As a source of sound sense and judgement, the Football Association were falling well short of satisfaction even before the headless-chicken mode they entered with the loss of their chief executive, Mark Palios, but I feel their treatment of Adrian Mutu was just about right.
The 25-year-old Romanian, who admitted taking cocaine, was suspended for seven months, fined £20,000 and ordered to take a rehabilitation course, after which he will face regular tests.
Considering that the drug was not performance-enhancing, that he confessed frankly and shows all the signs of a sinner capable of repentance, this was a just decision. Had it been more harsh than the eight-month ban Rio Ferdinand received for avoiding a test, it would have signalled that tests are worth missing.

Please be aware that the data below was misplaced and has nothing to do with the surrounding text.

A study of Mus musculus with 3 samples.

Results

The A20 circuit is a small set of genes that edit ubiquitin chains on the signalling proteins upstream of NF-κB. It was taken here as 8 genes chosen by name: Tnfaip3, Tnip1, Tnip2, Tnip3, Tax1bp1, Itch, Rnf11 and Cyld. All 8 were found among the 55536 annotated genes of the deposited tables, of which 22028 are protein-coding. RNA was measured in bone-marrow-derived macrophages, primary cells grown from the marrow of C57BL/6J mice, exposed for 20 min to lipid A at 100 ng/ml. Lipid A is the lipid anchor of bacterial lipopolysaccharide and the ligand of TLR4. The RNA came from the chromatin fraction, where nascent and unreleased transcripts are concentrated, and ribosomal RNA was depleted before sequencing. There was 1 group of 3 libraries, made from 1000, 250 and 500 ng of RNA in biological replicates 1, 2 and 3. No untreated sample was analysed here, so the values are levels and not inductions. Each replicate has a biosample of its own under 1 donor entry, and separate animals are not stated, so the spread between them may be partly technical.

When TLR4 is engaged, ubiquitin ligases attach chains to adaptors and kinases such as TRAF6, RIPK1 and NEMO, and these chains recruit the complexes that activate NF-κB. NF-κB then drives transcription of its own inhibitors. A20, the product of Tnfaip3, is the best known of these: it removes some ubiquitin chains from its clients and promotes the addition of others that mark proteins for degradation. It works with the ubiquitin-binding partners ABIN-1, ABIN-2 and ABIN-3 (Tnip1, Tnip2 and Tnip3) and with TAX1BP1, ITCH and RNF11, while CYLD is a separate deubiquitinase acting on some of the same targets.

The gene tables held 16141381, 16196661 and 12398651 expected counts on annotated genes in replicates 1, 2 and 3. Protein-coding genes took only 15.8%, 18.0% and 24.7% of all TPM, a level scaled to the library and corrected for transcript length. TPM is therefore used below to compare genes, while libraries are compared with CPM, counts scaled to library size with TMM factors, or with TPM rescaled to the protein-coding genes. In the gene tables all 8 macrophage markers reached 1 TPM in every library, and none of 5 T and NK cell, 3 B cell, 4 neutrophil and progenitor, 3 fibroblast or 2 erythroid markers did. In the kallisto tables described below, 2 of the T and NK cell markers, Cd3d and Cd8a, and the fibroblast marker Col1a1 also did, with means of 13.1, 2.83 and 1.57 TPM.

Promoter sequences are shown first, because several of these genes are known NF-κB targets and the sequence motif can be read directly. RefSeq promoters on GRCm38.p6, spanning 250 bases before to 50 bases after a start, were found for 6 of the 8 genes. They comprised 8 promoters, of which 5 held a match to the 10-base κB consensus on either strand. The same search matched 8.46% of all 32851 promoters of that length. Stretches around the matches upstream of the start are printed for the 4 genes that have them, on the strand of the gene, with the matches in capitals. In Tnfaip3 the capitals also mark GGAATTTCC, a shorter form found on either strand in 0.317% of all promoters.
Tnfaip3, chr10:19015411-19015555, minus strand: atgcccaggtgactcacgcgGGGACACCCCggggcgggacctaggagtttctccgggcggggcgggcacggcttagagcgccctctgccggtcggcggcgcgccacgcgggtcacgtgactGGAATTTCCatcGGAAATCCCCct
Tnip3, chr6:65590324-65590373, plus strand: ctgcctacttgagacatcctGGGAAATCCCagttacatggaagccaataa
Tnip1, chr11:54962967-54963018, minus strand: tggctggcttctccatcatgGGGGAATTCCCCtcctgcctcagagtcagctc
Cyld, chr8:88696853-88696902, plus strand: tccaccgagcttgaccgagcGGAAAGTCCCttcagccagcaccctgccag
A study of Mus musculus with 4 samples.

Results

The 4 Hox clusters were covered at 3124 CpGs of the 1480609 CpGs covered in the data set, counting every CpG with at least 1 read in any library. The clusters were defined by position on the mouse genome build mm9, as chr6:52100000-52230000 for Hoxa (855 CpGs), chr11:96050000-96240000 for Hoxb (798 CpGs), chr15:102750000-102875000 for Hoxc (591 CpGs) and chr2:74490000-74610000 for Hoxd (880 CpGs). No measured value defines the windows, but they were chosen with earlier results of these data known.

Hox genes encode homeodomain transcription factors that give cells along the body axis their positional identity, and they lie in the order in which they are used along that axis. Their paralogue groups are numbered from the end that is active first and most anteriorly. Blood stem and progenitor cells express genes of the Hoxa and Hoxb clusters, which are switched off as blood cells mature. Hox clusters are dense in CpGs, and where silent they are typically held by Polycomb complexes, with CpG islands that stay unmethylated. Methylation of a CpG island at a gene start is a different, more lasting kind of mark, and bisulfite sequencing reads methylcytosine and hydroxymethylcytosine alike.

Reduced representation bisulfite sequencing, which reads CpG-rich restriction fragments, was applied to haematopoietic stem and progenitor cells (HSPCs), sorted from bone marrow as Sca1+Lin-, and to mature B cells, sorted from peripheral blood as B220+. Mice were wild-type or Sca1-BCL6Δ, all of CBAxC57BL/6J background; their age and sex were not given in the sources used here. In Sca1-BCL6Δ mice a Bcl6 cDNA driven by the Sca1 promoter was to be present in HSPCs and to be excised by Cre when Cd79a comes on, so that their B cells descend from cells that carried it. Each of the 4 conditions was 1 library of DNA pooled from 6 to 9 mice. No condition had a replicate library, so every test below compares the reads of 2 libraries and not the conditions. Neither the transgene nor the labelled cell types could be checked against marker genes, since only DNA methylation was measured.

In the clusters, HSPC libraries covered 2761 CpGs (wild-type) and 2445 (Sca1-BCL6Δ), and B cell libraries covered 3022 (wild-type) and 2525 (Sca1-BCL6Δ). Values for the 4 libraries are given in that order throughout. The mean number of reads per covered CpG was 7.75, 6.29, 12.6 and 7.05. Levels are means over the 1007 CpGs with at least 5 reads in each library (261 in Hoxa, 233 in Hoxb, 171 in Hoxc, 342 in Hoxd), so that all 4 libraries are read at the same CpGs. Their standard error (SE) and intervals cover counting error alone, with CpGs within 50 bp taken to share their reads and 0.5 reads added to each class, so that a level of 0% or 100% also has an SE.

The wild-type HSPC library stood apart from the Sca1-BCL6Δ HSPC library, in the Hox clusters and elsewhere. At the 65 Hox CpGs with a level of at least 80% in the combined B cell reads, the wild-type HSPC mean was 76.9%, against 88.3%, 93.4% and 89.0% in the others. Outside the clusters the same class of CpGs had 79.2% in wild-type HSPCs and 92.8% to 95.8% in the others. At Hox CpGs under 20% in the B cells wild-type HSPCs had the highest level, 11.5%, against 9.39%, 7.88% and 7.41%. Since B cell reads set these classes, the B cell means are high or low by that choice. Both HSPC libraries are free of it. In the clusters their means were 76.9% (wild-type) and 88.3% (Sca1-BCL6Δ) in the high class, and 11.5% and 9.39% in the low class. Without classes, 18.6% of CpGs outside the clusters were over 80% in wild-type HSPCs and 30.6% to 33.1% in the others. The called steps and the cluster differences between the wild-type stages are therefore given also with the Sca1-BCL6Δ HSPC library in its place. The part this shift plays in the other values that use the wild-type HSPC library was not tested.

Chelsea's reaction was astonishing. Their chief executive, Peter Kenyon, slammed the FA for their lenience in not giving him a two-year suspension, and threatened to sue the player for compensation. Not content with disowning the player and sacking him, they want to pursue him to the gates of hell. I can't recall anything more despicable, and I wonder if their indignation has a deeper root.
For a start, if I was owner Roman Abramovich, I would want to know who sanctioned the transfer fee of £16m on a "cokehead". Chelsea were flinging money about so wildly that they obviously didn't spend much time checking the backgrounds of their purchases.
And is their claim for compensation anything to so with wanting to see Mutu portrayed in the worst possible light? The prospect that Mutu could be playing for a rival next May can't be too pleasant for them, either. Nevertheless, I find the thought of him banging a few in against them next season very comforting.